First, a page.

Friday, June 29, 2007

Revisiting Cornwall’s Legendary World Heritage Coast

The Atlantic Heritage Coast of North Devon and Cornwall
Cornwall has been in the headlines this past week, over the threats from Cornish extremists to burn out English TV-celebrity chefs Rick Stein and Jamie Oliver who have set up seafood-restaurant businesses here. The United Kingdom is officially 200 years old this year, but England’s conquest of its “Celtic” neighbours – Ireland, Wales, Scotland, Cornwall – remains a touchy issue. Economically a depressed region, Cornwall is perhaps the least recognized of these Celtic “national regions” as a separate state, though the ancient kingdom of Cornubia or Kernou maintained a quasi-parliament into modern times. This was the Stannary Parliament, which has only “traditional” rather than legislative powers within the UK. Stannary refers to tin-mining (from Latin stannus, tin), its leading industry since records began. Its members sometimes collide with English authority, e.g. by removing the English Heritage signs from the region’s chief tourism site, Tintagel, and by promoting re-establishment of the historically-defunct Cornish Celtic language in official documentation.
Looking towards the Celtic Sea
The “tin mining” coast of Cornwall and North Devon was designated a year ago by Unesco as a World Heritage Site, putting it on the map, for better or worse, as an international tourism destination. Yet the real heritage of the “tin mining” coast may be more substantial than that represented by the 18th-20th Century industrial ruins along this coast which are the WHS’s official basis. The tin trade stretches back into pre-history, no one knows how far. This is of interest here as the underpinning of the ‘Grail’ legend that Joseph of Arimatheia was a tin-trader who came here bringing the grail and various disciples here post-Crucifixion, as well as the ‘Holy Visit’ Legend, whereby Joseph brought the boy Jesus on one of his earlier voyages. Both were part of the foundation legend of the Church Of Britain in bringing Christianity here soon after the Crucifixion, becoming the first church in Christendom. The CoB was submerged into the Church Of England in the 6th century, which maintained its claims of precedence over Rome for many centuries before trying to shrug it off as the handiwork of a few eccentric vicars in recent times. (It won’t go away entirely, as the legend is referenced in Blake’s Jerusalem – now England’s alternate anthem.)
This month Cornish local authorities are preparing a presentation to the European Parliament to have the county designated a “region of culture” which would open the way for more studies of this neglected, disputed aspect of Cornish heritage. In fact, if Christianity did arrive via this route, it’s more a matter of world heritage.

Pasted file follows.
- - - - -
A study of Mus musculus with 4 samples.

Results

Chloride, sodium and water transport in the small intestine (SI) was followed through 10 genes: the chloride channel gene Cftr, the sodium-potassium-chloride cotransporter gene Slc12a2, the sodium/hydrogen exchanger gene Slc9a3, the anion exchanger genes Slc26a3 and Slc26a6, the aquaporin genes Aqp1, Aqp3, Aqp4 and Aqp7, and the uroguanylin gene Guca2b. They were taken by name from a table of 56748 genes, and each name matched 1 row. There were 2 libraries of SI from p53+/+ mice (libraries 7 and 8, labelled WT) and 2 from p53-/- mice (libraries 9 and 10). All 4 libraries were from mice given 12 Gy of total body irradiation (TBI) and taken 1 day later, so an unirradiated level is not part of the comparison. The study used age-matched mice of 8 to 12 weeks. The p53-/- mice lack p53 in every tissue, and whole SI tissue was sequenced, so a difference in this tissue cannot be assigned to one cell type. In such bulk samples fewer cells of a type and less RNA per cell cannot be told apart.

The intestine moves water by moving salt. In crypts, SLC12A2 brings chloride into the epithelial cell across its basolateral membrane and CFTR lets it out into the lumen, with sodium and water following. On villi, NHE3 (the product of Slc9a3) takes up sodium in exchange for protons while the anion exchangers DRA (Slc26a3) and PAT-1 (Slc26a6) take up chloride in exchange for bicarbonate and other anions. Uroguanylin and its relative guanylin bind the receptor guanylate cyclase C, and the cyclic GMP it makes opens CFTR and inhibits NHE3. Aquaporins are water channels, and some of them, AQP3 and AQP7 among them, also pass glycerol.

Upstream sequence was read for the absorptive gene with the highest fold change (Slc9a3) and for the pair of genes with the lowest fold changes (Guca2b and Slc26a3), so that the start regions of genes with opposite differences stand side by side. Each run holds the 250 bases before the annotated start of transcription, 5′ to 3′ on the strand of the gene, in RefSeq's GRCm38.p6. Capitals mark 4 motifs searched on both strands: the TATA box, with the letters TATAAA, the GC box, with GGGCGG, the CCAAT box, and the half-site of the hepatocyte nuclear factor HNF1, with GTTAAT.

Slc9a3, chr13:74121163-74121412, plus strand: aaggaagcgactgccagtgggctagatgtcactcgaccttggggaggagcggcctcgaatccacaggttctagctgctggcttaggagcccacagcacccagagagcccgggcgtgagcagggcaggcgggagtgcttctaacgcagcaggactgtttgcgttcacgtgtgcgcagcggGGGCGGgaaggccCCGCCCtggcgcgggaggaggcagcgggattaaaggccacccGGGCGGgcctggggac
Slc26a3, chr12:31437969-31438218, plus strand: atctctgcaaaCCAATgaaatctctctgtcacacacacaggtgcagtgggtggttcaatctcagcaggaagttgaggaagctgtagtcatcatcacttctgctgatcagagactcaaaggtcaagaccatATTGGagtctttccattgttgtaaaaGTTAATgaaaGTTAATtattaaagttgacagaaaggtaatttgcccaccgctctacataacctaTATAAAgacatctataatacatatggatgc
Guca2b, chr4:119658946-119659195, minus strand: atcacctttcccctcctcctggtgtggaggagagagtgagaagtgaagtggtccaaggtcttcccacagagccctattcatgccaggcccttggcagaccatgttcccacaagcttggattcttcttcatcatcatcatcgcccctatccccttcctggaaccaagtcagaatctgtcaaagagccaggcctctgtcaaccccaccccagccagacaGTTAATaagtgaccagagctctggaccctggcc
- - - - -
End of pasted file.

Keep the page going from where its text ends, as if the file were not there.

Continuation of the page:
There’s no dispute that the tin trade stretched back to the Bronze Age, for tin was needed to make good-quality bronze and there was no known tin source in the Mediterranean. Thus Mediterranean traders, usually labelled ‘Phoenician’, sailed here in antiquity, making a flourishing Bronze Age possible, and the market for Cornish tin continued through the Iron Age into the industrial age. Though the most famous site associated with the legend remains Glastonbury, no-one knows the exact port these elusive ‘Phoenicians’ used, and various sites along the Cornish and Devon coast where the tin mining industry was centred also have local “holy visit” legends.
Tintagel [Wiki photo]
Surprisingly, Tintagel has no local version - even though it’s the most famous of all Cornish heritage sites, it’s all Arthurian. The Visitor Info Centre has a display board quoting a leading 12C churchman that the legend of ‘Arthur the Briton’ was just as well known thousands of miles away in the East. The long-distance tin trade would be an obvious conduit for such legends, long before the Crusades. Another display shows the ancient tin-trade route from ports all round the Eastern Med to Cornwall, while another shows evidence the place once had a proper harbour, with the Homeric name the Iron Gates.
In future posts, I’ll try to trace more of this key legend, when I’ve integrated my notes and photos from my trip down there this past week with earlier research and field notes. At the moment I’m writing this up while listening on CD to music by Sir Arnold Bax, Celtophile English poet and composer of tone poems like The Garden Of Fand and In The Faery Hills. The Tintagel Visitor Centre also plays a video of his most famous work, “Tintagel”, written after his 1917 visit. If you want to conjure up a vision of the lost world of Romantic Celtic myth, you can’t do much better than listen to this symphonic evocation of a legendary seascape.